Unraveling the nature and the identity of the active sites in heterogeneous catalysis via structure-dependent microkinetic modeling
- Raffaele Cheula (Politecnico di Milano, Italy)
- Tuesday 31 March 2020
- Hotel NH Noordwijk Conference Centre Leeuwenhorst
Raffaele Cheulaa, Matteo Maestria
aLaboratory of Catalysis and Catalytic Processes, Dipartimento di Energia, Politecnico di Milano, Via La Masa, 34, 20156, Milano, Italy
There is no doubt that the rational interpretation of the structure-activity relation in catalysis is a crucial task in the quest of engineering the chemical transformation at the molecular level . In this respect, multiscale analyses based on structure-dependent microkinetic modeling is acknowledged to be an essential key-tool to achieve a mechanistic understanding of the catalyst functionality. However, the effect of the structure of the catalyst on reactivity and selectivity is at present neglected in state-of-the-art microkinetic modeling. As such, a “material gap” hinders the analysis of the underlying mechanisms at the atomic-scale level. To fill this gap, the modeling of the catalyst structure under reaction conditions is required .
Here, we present the development of a methodology for the analysis of the structure-activity relation in heterogeneous catalysis. The methodology is based on the combination of microkinetic modeling and ab initio thermodynamics with Wulff constructions and Boltzmann statistics at given conditions of chemical potential in the reactor . First, ab initio thermodynamics is applied to characterize the bulk and surface structure of the catalyst. The three-dimensional shape of single-crystal nanoparticles and the corresponding distribution of active sites are calculated either with the Wulff construction method or Boltzmann statistics especially at low nanoparticle sizes, where a statistical representation of the catalyst morphology is needed.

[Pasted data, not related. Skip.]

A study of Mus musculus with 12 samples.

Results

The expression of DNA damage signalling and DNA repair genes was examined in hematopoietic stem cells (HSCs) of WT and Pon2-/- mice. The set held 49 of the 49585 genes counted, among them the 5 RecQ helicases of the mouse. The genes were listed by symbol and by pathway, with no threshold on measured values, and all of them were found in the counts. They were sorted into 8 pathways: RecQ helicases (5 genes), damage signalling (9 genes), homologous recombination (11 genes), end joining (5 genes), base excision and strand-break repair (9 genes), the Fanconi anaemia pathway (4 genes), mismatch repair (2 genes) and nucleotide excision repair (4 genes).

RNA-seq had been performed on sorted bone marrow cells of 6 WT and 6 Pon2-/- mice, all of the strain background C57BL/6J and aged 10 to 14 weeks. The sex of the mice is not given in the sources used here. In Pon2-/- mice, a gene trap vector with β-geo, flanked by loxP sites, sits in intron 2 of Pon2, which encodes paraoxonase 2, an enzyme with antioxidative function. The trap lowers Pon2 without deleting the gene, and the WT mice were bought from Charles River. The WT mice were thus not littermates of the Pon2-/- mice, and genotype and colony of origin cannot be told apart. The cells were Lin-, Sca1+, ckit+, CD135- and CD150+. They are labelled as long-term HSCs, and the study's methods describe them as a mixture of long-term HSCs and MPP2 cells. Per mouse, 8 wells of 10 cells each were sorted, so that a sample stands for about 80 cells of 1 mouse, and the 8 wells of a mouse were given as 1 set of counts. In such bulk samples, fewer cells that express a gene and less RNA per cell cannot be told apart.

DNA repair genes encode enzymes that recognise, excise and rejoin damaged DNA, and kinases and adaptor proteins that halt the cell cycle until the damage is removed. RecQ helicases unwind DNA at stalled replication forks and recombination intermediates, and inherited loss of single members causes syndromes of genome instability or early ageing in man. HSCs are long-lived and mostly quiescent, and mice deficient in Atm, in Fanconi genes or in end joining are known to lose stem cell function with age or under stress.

In doing so, the structure and the composition of the atoms at the surface is determined, and therefore the nature of the sites in reaction conditions is fully characterized. Then, microkinetic analyses are performed on the different sites in order to unravel the identity of the active site in reaction. Selected examples in the context of CH activation, water-gas shift and reverse water-gas shift on metal catalysts will be employed as showcases. As a whole, the proposed procedure provides an effective pathway to unraveling the nature and the identity of the active sites in reaction conditions. It represents a very important step to explicitly introduce the effect of catalyst structure in the microkinetic analysis of heterogeneous catalytic processes.
Support by European Research Council (ERC) under the European Union's Horizon 2020 research and innovation programme (Project SHAPE – grant agreement No. 677423) is gratefully acknowledged. Computational support was provided by CINECA, Bologna (Italy) and Center for Research Computing at the University of Pittsburgh (PA).